The new and distinct variety of apple tree was discovered by me in 1970 while growing as a limb mutation in my cultivated orchard containing standard Cortland apple trees (non-patented) located on Peter Smith Road in Kendall Township, Orleans County, N.Y. I was attracted to the new variety by its compact spur-type growth habit whereby fruiting spurs were borne surprisingly heavily on two, three, and four year old wood.
The new variety possesses substantially shorter internodes or spacing between leaves on one year old twigs, and the fruiting spurs are substantially more numerous per linear foot than on the standard Cortland variety. Little blindwood and dead spur is found on three and four year old wood.
The new variety exhibits substantial vigor and possesses a more upright growth habit with only a slightly spreading tendency. For instance, branches of the present variety tend to form an angle of approximately 45° to 60° in relation to the leader, while branches of the standard Cortland variety tend to form an angle of approximately 60° to 75° in relation to the leader. Because of its only slightly spreading tendency the new variety has the ability to better sustain heavy crops without limb breakage caused by the weight of the fruit crop. When grown on Malling IX rootstock the new variety possesses only approximately 60 to 65 percent of the tree canopy volume as the standard Cortland variety also on Malling IX rootstock.
The fruit of the new variety is substantially identical to that of the standard Cortland variety in shape, appearance, texture, etc. Fruit production begins at an early age if good horticultural practices are followed. The stem of the new variety is somewhat stouter than that of the standard Cortland variety.
Asexual propagation by budding on Malling IX rootstock beginning in 1972 at Wolcott, N.Y. has demonstrated that the unique combination of characteristics of this new variety comes true to form and is established and transmitted through succeeding propagations.
The specimens described herein were grown at Kendall Township, Orleans County, N.Y.
The new variety has been named the LaMont cultivar.
FIG. 1 shows typical specimens of the fruit and foliage on two and three year old wood of the new variety in color as nearly true as it is reasonably possible to make the same in a color illustration of this character.
FIG. 2 shows for comparative purposes typical two and three year old branches without foliage (i.e. foliage has been removed) of the standard Cortland apple tree and of the LaMont cultivar apple tree in color as nearly true as it is reasonably possible to make the same in a color illustration of this character. Note the lack of spur formation on the upper branch of the standard Cortland, and the heavy spur formation on the lower branch of the LaMont cultivar.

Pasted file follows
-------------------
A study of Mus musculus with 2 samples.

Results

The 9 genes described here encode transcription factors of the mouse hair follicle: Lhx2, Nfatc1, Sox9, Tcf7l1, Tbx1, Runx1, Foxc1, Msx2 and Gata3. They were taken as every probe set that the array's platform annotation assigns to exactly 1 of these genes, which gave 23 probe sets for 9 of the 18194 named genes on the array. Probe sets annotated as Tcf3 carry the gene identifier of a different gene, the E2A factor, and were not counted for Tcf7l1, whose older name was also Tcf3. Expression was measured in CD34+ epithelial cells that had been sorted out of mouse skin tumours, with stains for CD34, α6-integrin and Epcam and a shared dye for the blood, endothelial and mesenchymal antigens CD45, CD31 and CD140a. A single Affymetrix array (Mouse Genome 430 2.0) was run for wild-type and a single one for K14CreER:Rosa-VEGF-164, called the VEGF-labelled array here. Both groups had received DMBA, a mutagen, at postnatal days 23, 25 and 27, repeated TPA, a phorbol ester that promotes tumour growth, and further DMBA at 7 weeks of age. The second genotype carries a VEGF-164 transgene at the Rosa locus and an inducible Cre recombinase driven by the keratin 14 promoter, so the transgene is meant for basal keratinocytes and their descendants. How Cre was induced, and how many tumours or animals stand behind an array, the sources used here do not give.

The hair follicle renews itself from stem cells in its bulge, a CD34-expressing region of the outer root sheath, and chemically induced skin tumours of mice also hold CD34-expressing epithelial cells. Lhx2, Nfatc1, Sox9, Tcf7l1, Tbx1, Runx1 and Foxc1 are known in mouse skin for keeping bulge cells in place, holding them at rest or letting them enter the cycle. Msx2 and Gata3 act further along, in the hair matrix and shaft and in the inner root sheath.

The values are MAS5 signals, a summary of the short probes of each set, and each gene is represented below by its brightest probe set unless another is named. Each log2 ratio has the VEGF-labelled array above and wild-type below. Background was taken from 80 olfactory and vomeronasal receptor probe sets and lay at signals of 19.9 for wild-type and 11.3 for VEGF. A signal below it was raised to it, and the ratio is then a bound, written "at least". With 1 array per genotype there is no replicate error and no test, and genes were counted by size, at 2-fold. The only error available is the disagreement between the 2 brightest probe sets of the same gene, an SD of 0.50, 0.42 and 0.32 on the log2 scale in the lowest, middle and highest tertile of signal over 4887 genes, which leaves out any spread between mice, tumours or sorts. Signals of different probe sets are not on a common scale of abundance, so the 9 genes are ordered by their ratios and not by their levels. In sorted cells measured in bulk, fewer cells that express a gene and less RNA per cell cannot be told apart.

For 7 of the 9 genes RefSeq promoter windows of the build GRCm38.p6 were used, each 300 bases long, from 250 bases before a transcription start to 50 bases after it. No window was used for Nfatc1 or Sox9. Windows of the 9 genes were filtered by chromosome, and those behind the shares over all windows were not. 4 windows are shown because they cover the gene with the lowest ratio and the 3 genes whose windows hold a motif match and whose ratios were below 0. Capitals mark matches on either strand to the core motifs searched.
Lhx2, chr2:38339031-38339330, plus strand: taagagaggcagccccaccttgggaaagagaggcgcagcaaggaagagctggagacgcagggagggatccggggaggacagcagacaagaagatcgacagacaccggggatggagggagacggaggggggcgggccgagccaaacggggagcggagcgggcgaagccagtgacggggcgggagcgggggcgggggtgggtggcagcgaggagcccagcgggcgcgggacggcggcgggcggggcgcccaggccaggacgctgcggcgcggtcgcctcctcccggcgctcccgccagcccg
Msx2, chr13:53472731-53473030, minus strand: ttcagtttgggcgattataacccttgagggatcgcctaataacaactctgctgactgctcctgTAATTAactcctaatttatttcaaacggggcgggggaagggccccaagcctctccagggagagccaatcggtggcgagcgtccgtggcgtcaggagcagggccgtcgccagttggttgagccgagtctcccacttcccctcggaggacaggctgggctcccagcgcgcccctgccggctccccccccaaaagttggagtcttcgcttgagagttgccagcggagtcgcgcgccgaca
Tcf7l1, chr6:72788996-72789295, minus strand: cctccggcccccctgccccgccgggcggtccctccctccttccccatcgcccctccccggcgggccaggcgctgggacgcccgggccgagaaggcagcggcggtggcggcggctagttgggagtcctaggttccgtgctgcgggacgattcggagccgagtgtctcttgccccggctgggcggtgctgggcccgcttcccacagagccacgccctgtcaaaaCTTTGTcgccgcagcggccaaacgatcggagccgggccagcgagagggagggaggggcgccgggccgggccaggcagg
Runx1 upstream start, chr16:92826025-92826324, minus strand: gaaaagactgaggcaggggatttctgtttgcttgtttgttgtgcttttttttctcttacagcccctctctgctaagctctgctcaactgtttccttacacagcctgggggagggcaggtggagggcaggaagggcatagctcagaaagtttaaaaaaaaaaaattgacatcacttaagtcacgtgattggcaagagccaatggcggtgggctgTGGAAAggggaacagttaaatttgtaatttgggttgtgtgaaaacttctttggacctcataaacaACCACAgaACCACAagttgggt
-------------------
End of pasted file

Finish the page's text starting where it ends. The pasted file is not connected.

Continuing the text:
Dates of first and last pickings: Substantially the same as the standard Cortland variety; the fruit commonly is ripe about October 1 to October 10 in New York depending upon the specific growing conditions encountered.
Tree: Medium; medium weak; upright to spreading; dense; vase-formed; hardy; very productive; regular bearing.
Trunk.--Stocky; uncommonly smooth.
Branches.--Thick; smooth; much spur branching; gray.
Leaves.--Large; wide; medium; abruptly pointed; medium thick; medium green; rugose. Length -- approximately 31/2 inches. Width -- approximately 2-9/16 inches. Margin -- glandular; coarsely serrate. Petiole -- approximately 11/8 inches; short; thick.
Date of first bloom.--May 9, 1979.
Date of full bloom.--May 16, 1979. Medium early; large; white with pink center.
Maturity.--When eating ripe, approximately October 10.
Size.--Uniform; axial diameter approximately 31/2 inches; roundish oblate; ribbed.
Cavity.--Abrupt at base; obtuse. Depth -- approximately 1/2 inch. Breadth -- approximately 11/2 inches. Markings -- none.
Basin.--Depth. -- approximately 5/8 inch. Breadth -- approximately 11/4 inches. Markings -- none.
Stem.--Stout; pubescent. Length -- short; approximately 3/8 inch. Breadth -- approximately 1/8 inch. Markings -- none.
Calyx.--Open; obtuse. Length -- approximately 9 mm. Outer surface -- glabrous. Inner surface -- glabrous.
Skin.--Thick; tough; smooth; glossy. Dots -- obscure; few; small; depressed. Color of dots -- light brown. Distribution of dots -- uniform; few. Ground color -- approximately 10 percent. Color markings -- approximately 90 percent; splashed; bright. Color of markings -- very dark; Ridgeway Color Standards and Nomenclature 1-i Carmine. Bloom -- abundant. General color effect -- dark red; Carmine.
Flesh.--Texture -- semi-firm; tender firm; fine; crisp. Flavor -- subacid. Aroma -- aromatic. Quality -- very good.
Core.--Medium; broadly ovate; symmetrical at base; opposite with cell. Halves of area -- unequal. Bundles -- conspicuous; in one whorl. Alternate bundle -- approximate to distant. Core lines -- meeting; indistinct. Carpellary area -- distinct. Calyx tube -- glabrous toward base; stem of funnel short. Depth of tube to shoulder -- approximately 1/8 inch. Entire depth -- approximately 3/8 inch. Styles -- present; united. Stamens -- two obscure, whorls median. Auxillary cavity -- wanting. Seed cells axile -- open to closed. Breadth -- approximately 7/16 inch. Longitudinal section -- broadly ovate; obtuse at apex. Surface -- entire, smooth. Cross section -- broad.
Seeds.--Number perfect -- 5 to 8; imperfect -- 0 to 3. Number in one cell -- 3. Length -- approximately 1/4 inch. Breadth -- approximately 3/16 inch. Form -- acute. Color -- brown to light brown.
Use: Dessert, culinary.
Keeping quality: Medium.
Number of days in ordinary storage.--90 to 120 days.